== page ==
Taxing the wealthy - KTTC Rochester, Austin, Mason City News, Weather and Sports

Taxing the wealthy


During this contentious legislative session, we've seen rallies and protests against cutting from state government programs that help the disabled, elderly, and low income residents. But with Governor Mark Dayton insisting to raise taxes on the top 2% of the state's money makers, Republican lawmakers say those are small business owners who create jobs. We went out to see how a potential tax increase would effect them.

"Don't worry, we won't tax jobs out of state," exclaims republican House Speaker Kurt Zellers.

It's been the campaign and legislative slogan for State republicans: "No new taxes", citing small businesses as the potential victims of tax increases. But how far is the rhetoric from the truth?

"A tax on the top 2% is really hitting small business where it hurts," says Steve Yaggy, owner of Yaggy Specialized Transportation.

Yaggy is one of the business owners that would make the governor's cutoff for higher taxes. But he says that doesn't make him rich.

"The people I know that are small business people fall into that category yet, the 1% or 2%, but only because they're running a small business, not because they're rich or they're millionaires," he says.

Many small businesses are S-Corporations, a business classification that keeps them from paying corporate income taxes, but require owners to lump their business income with their own take-away pay when filing individual taxes.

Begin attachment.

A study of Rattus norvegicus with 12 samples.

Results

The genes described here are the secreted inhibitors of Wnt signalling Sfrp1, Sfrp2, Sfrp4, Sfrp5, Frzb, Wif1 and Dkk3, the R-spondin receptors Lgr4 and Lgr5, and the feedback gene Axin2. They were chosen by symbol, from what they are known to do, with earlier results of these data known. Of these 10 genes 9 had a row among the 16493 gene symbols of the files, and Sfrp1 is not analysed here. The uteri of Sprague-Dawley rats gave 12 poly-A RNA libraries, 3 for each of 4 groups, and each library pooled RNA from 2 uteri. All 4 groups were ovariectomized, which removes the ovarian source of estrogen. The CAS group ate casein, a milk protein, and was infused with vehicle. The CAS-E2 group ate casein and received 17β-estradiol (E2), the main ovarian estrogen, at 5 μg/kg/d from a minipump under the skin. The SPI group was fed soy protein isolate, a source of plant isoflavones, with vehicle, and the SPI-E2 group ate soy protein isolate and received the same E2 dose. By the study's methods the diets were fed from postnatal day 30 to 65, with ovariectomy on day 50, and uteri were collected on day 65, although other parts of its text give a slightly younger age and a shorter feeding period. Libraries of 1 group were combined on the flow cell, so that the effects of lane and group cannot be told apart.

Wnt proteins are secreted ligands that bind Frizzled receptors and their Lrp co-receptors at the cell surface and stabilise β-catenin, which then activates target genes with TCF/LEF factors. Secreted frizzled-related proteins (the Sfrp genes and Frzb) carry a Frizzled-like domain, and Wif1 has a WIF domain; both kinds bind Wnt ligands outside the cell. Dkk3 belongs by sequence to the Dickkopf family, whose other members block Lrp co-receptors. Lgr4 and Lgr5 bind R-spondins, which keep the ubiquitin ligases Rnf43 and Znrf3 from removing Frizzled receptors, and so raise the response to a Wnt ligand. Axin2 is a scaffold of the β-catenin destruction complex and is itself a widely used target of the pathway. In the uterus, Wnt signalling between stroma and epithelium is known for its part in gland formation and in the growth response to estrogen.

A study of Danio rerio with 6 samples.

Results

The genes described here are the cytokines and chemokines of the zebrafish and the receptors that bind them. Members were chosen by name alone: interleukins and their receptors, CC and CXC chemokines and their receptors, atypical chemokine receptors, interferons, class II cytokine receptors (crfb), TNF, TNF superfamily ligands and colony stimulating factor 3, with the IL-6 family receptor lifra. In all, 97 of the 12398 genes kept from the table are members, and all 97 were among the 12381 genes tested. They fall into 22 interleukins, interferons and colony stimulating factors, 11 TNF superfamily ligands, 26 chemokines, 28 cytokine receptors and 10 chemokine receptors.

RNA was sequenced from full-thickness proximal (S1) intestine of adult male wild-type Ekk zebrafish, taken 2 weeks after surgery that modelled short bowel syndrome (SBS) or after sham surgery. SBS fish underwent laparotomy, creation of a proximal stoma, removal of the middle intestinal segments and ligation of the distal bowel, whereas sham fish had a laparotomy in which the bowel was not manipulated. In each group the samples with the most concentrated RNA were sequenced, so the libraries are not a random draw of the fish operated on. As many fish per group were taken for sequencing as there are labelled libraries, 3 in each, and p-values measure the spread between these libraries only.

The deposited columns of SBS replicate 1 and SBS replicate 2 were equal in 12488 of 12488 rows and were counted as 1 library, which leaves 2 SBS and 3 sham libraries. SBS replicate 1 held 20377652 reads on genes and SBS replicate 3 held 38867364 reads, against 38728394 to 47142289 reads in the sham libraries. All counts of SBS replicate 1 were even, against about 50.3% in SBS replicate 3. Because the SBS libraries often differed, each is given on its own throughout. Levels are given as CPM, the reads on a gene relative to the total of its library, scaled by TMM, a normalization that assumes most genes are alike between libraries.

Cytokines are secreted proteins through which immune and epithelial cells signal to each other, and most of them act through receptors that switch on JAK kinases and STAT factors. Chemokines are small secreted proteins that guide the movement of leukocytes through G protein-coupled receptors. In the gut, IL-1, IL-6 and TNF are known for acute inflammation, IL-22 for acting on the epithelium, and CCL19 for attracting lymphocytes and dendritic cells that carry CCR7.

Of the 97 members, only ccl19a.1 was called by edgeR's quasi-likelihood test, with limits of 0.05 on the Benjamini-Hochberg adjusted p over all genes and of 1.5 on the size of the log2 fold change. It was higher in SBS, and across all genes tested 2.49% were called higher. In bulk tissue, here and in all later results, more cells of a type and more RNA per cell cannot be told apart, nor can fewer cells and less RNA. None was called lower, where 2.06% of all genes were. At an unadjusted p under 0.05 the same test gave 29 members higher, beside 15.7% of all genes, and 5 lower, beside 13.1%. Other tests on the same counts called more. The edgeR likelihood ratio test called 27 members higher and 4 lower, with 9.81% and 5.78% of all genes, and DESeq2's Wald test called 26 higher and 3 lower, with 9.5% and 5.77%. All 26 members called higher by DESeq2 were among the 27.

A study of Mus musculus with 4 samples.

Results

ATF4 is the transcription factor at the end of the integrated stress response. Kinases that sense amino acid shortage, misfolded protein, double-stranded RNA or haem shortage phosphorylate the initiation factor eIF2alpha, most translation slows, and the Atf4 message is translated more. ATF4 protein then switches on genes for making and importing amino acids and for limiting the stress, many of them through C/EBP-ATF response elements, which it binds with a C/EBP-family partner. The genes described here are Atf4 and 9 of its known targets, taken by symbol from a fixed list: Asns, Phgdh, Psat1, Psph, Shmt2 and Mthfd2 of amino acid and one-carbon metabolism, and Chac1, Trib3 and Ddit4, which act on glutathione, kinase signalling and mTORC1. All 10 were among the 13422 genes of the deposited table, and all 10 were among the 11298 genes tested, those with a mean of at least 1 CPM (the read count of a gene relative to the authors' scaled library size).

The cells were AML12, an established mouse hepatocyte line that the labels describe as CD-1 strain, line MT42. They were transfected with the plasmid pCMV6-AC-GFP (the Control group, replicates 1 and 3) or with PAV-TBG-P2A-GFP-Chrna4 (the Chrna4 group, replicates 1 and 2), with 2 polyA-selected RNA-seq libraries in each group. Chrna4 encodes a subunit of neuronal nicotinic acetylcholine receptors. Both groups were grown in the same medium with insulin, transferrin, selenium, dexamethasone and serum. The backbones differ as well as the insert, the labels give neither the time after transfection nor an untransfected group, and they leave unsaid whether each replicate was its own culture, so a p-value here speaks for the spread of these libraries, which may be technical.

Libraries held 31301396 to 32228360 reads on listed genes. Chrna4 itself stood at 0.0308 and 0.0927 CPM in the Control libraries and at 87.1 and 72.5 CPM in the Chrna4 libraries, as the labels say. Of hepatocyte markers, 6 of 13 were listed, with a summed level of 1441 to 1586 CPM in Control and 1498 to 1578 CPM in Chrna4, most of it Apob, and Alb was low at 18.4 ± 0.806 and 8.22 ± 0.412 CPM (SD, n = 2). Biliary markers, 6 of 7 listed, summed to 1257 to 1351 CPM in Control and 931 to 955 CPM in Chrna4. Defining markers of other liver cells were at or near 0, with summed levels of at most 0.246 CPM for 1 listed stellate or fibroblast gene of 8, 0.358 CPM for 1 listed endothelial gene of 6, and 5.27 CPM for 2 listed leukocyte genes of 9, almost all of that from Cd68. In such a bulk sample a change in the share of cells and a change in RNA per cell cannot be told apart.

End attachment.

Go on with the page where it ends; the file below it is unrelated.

"That doesn't mean you have any money left. You could take that much money into your cash register and have that much in expenses as well," explains Yaggy.

As a business consultant, Jeff Bigler does okay for himself. He has a small business in Rochester with a few employees and does well enough that he can afford to give to a few charities as well.

 

"Lourdes: Building our future, Hiawatha Homes, to name a couple."

 

Bigler says understands how spending cuts could lead to less money for those who need it. But while a roughly $7,500 tax increase would not break the bank for him, he says it would likely lead to less donations and slower business growth.

 

"It limits our choice, giving more government choice as to where my dollars might be spent. And I'd like to have the choice to see where those dollars go."

As for the Governor changing his tax proposal...

"Would you be willing to go to the top 1%?"

"Anything is negotiable, but somebody needs to come with a proposal," says Governor Mark Dayton.

 

For now, Governor Dayton is sticking by his plan.